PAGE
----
Hadash, Ta'al and Ra'am parties, that have announced their reformation during a press conference on Saturday, were joined by the fourth and the most nationalistic Arab party - Balad - to reunite the Joint List. The merger came days before this week's deadline for Israeli political parties to finalize their lineups before the elections.
Israel faces an unprecedented repeat election in September after Prime Minister Benjamin Netanyahu failed to form a majority coalition government. Instead, his ruling Likud party advanced a bill to dissolve parliament, sending Israelis to the polls for a second time in 2019.
Ayman Odeh, head of the Hadash party, said Monday that now that the parties have reunited, they can address the "great challenge" facing the country's Arab minority.
Israeli electoral polls published last week projected that the Joint List could become the third largest party in the Knesset after the September .
The four factions first united in 2015, earning 13 seats in the 120-seat Knesset. But infighting later split the Joint List into two parties, which only won a combined 10 seats amid low Arab turnout in April's election. Around 49% of Arabs cast ballots, down from 64% in the 2015 election.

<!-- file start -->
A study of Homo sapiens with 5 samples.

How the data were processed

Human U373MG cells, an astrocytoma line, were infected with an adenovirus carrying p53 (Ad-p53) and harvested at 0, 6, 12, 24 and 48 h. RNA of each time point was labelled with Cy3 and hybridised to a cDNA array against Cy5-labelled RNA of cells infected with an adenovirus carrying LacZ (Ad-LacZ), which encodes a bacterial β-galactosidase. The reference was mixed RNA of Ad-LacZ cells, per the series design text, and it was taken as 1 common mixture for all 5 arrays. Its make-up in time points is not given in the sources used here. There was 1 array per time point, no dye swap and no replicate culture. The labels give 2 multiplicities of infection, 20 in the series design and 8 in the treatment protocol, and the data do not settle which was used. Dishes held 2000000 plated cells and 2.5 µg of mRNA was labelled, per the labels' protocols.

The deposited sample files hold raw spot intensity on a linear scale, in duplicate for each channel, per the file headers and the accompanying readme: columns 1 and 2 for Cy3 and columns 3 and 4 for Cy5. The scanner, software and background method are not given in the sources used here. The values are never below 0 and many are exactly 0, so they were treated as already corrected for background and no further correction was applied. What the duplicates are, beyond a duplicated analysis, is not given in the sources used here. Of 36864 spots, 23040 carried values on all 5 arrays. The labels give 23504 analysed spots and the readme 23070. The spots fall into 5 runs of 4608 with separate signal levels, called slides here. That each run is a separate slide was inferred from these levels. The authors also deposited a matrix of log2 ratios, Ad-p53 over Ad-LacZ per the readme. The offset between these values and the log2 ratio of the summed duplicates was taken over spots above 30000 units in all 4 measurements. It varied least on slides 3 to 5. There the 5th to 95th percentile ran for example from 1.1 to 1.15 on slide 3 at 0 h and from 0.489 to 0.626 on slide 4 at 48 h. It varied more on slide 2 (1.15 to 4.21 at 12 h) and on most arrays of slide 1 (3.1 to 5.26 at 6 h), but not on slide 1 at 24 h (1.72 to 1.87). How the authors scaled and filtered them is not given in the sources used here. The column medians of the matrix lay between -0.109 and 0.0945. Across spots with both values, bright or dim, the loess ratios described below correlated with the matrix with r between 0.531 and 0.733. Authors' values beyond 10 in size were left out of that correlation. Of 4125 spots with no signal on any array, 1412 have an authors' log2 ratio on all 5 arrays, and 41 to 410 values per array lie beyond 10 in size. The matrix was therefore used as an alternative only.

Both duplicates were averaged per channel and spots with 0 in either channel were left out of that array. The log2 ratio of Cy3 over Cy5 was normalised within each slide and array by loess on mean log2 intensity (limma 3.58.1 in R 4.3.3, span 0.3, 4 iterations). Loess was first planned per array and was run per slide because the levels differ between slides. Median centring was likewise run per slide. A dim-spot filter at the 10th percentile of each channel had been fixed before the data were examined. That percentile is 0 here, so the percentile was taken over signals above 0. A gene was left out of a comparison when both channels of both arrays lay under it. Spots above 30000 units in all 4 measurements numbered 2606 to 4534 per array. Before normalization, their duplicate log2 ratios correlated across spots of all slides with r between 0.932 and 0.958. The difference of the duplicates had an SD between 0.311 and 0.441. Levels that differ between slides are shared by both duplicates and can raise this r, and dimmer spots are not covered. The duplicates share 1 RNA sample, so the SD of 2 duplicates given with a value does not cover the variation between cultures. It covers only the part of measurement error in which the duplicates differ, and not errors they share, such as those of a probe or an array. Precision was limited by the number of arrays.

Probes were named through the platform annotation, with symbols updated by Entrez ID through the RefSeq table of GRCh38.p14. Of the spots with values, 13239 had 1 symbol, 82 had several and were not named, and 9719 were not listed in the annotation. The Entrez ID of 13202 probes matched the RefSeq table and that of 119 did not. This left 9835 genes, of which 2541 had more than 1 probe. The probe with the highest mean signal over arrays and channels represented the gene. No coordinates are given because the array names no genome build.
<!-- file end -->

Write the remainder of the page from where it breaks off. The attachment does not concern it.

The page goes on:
Last week, former prime minister Ehud Barak and the left-wing Meretz party announced the formation of a merger to form the Democratic Union, whose stated aim is to oust Netanyahu, who became Israel's longest-serving prime minister earlier this month.
Former Justice Minister Ayelet Shaked, who assumed the leadership of her New Right party last week, is negotiating a union with a constellation of religious nationalist parties headed by Education Minister Rafi Peretz. The New Right party failed to win enough votes in April's election to enter the Knesset.